Outside the installation circuit, there’s not a lot of film that can really be described as ‘site-specific’ insofar as it needs to be seen in one place rather than another. Certain films, though, have their ideal locations, and the latest piece from the Brothers Quay has certainly found its own – twice over.
Bach, Berio, Biber & Bartók, Béla
25 July 2011 | Wilton’s Music Hall, London, UK
Entitled I looked back when I reached halfway, the film has been screened in two extraordinary venues – first in Manchester, in Chethams School of Music, then in Wilton’s Music Hall in London’s East End. As it happens, I have seen Quays films screened in a soulless modern multiplex, and they’re no less alluring; but place them in the distressed Victorian splendour of Wilton’s, a place as populated with ghosts as the brothers’ films, the effect is something else entirely.
The images are only part of this event, a collaboration between the Quays and violinist Alina Ibragimova, commissioned by the Manchester International Festival, the Barbican (part of its Blaze festival), and the London festival Create. The programme features four solo performances by Ibragimova with Bartok’s Sonata for Solo Violin both accompanying and accompanied by the Quays’ film – neither music nor film takes precedence.
There’s a third participant – the venue itself, built in 1858, the old colours of its auditorium now an eerie faded grey, as if the place itself were a phantom. In the interval, the audience is invited to explore its rooms and the empty upstairs gallery, to Ibragimova’s recording of the Passacagalia by Heinrich Biber (1644-1704) – the least known of tonight’s composers.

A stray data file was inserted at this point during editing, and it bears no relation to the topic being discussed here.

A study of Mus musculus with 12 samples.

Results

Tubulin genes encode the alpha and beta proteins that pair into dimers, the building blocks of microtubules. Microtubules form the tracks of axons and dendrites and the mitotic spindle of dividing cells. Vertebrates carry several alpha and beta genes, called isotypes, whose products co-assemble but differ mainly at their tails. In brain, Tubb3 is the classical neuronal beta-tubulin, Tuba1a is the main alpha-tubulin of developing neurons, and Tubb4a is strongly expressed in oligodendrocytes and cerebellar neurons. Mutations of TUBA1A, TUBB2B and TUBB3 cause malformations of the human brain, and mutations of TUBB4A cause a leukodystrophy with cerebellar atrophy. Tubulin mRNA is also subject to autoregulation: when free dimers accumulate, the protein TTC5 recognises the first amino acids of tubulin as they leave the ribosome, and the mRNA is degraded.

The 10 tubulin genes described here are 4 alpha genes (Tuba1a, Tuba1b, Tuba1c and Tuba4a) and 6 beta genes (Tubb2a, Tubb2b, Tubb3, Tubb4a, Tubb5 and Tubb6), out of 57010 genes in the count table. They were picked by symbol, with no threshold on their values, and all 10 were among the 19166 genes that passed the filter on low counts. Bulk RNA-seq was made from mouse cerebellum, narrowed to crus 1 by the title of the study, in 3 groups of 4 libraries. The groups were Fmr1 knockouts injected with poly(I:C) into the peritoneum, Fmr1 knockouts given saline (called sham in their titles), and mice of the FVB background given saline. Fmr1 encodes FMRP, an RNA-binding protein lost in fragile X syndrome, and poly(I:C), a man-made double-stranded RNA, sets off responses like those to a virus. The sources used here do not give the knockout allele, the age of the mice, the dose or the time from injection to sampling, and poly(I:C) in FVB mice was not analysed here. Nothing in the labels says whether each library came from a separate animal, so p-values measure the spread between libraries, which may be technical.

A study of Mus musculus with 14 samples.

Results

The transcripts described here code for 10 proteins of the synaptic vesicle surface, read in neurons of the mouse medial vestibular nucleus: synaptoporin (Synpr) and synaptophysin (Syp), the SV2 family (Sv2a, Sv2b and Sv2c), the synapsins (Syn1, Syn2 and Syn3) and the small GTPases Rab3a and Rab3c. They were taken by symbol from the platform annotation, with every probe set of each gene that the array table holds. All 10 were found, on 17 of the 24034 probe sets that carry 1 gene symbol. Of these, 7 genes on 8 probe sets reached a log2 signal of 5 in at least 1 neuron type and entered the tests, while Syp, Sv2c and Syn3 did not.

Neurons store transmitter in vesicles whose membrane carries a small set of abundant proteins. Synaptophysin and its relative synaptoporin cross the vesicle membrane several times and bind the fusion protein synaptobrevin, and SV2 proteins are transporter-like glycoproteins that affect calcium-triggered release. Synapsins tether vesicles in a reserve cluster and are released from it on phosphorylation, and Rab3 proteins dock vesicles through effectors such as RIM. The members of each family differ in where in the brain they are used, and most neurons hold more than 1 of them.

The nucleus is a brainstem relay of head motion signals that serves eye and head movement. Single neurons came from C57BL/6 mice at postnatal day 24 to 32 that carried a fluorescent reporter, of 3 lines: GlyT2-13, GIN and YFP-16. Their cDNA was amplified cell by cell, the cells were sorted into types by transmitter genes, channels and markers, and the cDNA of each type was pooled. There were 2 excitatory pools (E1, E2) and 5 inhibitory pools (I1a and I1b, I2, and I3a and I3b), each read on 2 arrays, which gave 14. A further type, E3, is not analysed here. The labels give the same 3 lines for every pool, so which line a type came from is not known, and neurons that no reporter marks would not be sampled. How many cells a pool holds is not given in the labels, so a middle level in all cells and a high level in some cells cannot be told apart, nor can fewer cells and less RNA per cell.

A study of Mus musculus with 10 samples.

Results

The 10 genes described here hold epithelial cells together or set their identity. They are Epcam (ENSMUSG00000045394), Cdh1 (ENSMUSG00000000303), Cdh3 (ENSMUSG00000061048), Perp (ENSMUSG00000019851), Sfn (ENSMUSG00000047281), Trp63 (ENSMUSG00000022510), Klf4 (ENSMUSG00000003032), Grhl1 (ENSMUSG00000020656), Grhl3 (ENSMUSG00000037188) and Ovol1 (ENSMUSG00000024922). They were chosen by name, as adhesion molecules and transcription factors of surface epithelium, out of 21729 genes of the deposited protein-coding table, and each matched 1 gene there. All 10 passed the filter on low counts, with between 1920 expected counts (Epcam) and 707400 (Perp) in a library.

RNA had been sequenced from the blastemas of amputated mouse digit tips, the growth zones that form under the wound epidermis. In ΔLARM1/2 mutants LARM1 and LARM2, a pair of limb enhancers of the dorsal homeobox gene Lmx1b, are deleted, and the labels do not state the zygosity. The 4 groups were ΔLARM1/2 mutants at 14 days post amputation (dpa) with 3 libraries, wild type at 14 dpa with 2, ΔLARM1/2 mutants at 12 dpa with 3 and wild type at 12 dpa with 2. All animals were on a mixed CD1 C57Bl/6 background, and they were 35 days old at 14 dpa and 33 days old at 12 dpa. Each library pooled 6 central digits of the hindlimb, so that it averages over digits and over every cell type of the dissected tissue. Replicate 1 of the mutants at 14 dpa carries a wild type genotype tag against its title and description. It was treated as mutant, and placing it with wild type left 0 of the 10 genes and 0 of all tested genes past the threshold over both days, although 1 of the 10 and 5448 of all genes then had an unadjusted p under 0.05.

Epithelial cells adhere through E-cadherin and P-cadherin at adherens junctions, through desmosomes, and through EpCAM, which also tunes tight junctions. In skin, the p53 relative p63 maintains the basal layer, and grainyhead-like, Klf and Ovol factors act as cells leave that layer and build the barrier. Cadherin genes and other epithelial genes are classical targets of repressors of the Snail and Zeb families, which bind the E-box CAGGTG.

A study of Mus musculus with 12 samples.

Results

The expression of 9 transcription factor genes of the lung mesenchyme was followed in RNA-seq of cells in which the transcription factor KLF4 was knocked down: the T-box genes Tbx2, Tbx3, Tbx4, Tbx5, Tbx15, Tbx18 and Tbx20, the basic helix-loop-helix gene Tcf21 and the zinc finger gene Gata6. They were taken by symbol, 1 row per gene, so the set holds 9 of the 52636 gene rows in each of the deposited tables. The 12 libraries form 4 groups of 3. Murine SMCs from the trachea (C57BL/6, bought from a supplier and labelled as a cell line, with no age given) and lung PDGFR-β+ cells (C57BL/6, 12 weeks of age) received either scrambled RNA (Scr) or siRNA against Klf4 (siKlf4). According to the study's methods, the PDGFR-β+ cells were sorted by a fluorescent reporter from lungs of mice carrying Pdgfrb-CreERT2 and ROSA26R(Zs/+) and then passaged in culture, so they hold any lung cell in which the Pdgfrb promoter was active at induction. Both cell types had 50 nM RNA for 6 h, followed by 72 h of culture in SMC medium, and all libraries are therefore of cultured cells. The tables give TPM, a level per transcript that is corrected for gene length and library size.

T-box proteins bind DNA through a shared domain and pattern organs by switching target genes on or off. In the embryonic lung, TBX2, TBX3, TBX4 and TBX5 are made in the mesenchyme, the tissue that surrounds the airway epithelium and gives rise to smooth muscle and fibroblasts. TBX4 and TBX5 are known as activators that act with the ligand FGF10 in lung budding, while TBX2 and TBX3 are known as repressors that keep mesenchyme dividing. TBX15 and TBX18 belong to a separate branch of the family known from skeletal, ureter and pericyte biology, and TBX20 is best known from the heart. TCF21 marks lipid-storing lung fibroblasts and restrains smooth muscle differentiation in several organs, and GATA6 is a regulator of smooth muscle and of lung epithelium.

The first half of the event has Ibragimova playing solo. She’s especially breathtaking on Luciano Berio’s Sequenza VIII, an essay in thrilling dynamics that – although it’s not obvious to my unschooled ears – makes direct homage to the Bach Ciaccona (from Partitia No. 2 in D Minor) that follows. For the latter piece Ibragimova stands on stage, lit from below, the elongated shadow behind her resembling a phantasmal dancing stick insect.
The Quays’ film follows the four sections of Bartok’s Sonata, and is one of the their most abstract works yet – though with a residual element of biographical narrative. We see Bartok writing a score, his pencil hovering over the notes in extreme close-up; and an image that apparently haunted the composer for a long time, a young girl in a coffin, surrounded by white roses – her warm pink glow providing the only strong colour in a film largely reduced to near-monochrome, with washed-out tones of green and yellows.
The key leitmotif is a window, its various panels opening and closing, casting reflections and resembling a strange, deconstructed jewel. Another image animates a period photograph of a man standing under a tree which begins to billow, echoing Magritte’s street scenes, night and day simultaneously.
The one disappointment is that digital technology doesn’t seem to be serving the Quays’ hyper-sensitive vision as well as film used to. This piece is shot on Canon 5D, and sometimes suffers from a visible electronic coarseness, with effects of ‘banding’, that doesn’t do justice to the brothers’ microscopically tuned work with narrow focus, intensities of light and reflections. Even so, this was a vintage Quays piece, as haunting as their work has ever been, and an inspired collaboration with Ibragimova.